Despite the abundance of German and U.S. economic data this morning, currencies continue to tread water. None of the economic reports released over the past 24 hours will sway the plans of U.S. and European policymakers. For the Federal Reserve, no action has been widely discounted by the market. The decision by European Central Bank on the other hand should lead to an increase in volatility because investors will be looking for the central bank and Europe in general to deliver on their promise to do everything to save the euro. While the recent decline in Spanish and Italian bond yields, recovery in stocks along with the rebound in the euro reduces pressure on the ECB to act, Draghi’s comments last week created expectations for greater activism. Right now investors are in wait and see mode and if the ECB disappoints, the EUR/USD could come under fresh selling pressure. In the meantime, steady Spanish and Italian bond yields kept the EUR/USD above 1.22 and U.S. data drove it above 1.23.

The latest U.S. economic reports showed personal incomes growing by 0.5% in June, up from 0.3% the previous month. Personal spending on the other hand was flat which may be discouraging for the U.S. economy but positive for American finances. With Americans finally making more and spending less, their personal savings rose to 4.4% last month, its highest since December. Inflationary pressures remain muted with the PCE deflator rising a mere 0.1%. House Prices, the Chicago PMI report and Consumer Confidence will be released later this morning and while these numbers are important, they are not likely to change the strong possibility that the Fed will hold monetary policy unchanged on Wednesday.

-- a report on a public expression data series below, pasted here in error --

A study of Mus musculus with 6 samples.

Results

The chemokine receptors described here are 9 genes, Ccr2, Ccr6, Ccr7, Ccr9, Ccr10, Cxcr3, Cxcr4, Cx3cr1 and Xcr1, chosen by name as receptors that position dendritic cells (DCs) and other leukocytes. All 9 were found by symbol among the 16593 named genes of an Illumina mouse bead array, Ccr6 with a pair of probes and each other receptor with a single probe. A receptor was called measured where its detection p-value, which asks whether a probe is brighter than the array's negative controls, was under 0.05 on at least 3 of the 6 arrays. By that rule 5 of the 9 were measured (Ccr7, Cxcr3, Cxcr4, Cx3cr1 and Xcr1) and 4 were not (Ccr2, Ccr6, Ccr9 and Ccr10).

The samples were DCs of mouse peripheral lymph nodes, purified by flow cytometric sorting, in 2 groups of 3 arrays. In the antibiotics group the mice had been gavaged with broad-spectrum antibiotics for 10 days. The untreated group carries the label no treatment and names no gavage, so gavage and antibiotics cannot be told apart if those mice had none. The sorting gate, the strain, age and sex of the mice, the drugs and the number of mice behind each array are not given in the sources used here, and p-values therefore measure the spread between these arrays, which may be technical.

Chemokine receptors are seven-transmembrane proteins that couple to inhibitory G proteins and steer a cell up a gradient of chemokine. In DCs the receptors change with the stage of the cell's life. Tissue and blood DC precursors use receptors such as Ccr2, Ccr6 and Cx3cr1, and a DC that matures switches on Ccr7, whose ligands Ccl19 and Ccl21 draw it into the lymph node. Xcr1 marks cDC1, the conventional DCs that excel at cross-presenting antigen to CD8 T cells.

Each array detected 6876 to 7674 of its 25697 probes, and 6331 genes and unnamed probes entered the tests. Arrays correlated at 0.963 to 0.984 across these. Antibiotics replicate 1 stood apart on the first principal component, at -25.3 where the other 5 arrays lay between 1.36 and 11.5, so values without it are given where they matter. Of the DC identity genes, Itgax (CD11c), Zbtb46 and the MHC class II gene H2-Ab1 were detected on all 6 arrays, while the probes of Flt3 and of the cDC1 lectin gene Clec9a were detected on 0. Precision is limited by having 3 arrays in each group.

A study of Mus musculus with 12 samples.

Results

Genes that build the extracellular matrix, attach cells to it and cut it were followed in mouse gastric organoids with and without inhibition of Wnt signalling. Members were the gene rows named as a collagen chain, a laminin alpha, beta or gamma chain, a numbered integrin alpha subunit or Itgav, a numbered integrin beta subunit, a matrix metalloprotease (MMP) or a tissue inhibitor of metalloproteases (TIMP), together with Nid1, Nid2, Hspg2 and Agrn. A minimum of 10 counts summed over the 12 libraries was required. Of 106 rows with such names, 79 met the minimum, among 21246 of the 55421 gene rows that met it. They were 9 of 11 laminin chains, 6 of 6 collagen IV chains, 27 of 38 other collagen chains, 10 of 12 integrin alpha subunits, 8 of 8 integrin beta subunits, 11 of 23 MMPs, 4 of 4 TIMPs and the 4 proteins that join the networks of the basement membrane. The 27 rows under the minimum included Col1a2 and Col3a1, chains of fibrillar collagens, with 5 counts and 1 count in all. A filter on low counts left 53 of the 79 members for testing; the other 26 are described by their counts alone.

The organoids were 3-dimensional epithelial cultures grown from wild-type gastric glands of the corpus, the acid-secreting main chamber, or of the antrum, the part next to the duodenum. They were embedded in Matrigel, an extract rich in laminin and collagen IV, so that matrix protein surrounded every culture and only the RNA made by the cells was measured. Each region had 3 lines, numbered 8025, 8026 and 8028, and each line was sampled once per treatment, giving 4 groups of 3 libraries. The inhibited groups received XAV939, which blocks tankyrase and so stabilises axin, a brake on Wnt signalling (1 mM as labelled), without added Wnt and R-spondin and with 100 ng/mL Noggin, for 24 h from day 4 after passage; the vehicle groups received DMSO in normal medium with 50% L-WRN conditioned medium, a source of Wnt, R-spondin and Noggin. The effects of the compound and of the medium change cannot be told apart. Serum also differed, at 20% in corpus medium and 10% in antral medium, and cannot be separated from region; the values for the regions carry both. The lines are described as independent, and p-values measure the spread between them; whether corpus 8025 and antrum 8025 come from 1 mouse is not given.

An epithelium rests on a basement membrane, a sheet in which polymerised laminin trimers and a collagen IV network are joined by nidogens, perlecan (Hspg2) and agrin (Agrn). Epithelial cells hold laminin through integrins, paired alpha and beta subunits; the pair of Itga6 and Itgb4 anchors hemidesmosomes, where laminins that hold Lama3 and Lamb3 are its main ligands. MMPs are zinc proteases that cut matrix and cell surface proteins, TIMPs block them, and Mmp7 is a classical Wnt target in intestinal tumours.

Up North, Canadian GDP rose 0.1% in May compared to a 0.2% forecast. Growth in Canada slowed more than expected while inflationary pressures continued to decline with the industrial product price dropping 0.3% and raw material prices falling 4.0%. Incoming Canadian data raises more questions about what is motivating the level of hawkishness within the Bank of Canada. There is very little justification for a tightening bias with growth slowing, manufacturing activity contracting, price pressures declining and retail sales growing at a sluggish rate. The recent strength of the Canadian dollar will also make life more challenging for Canadian exporters.

While volatility in the FX market has picked up with the release of U.S. data, we don’t anticipate any wild swings ahead of this week’s monetary policy announcements. It’s the end of the month and the small rise in U.S. stocks should lead to mildly negative US Dollar rebalancing flows.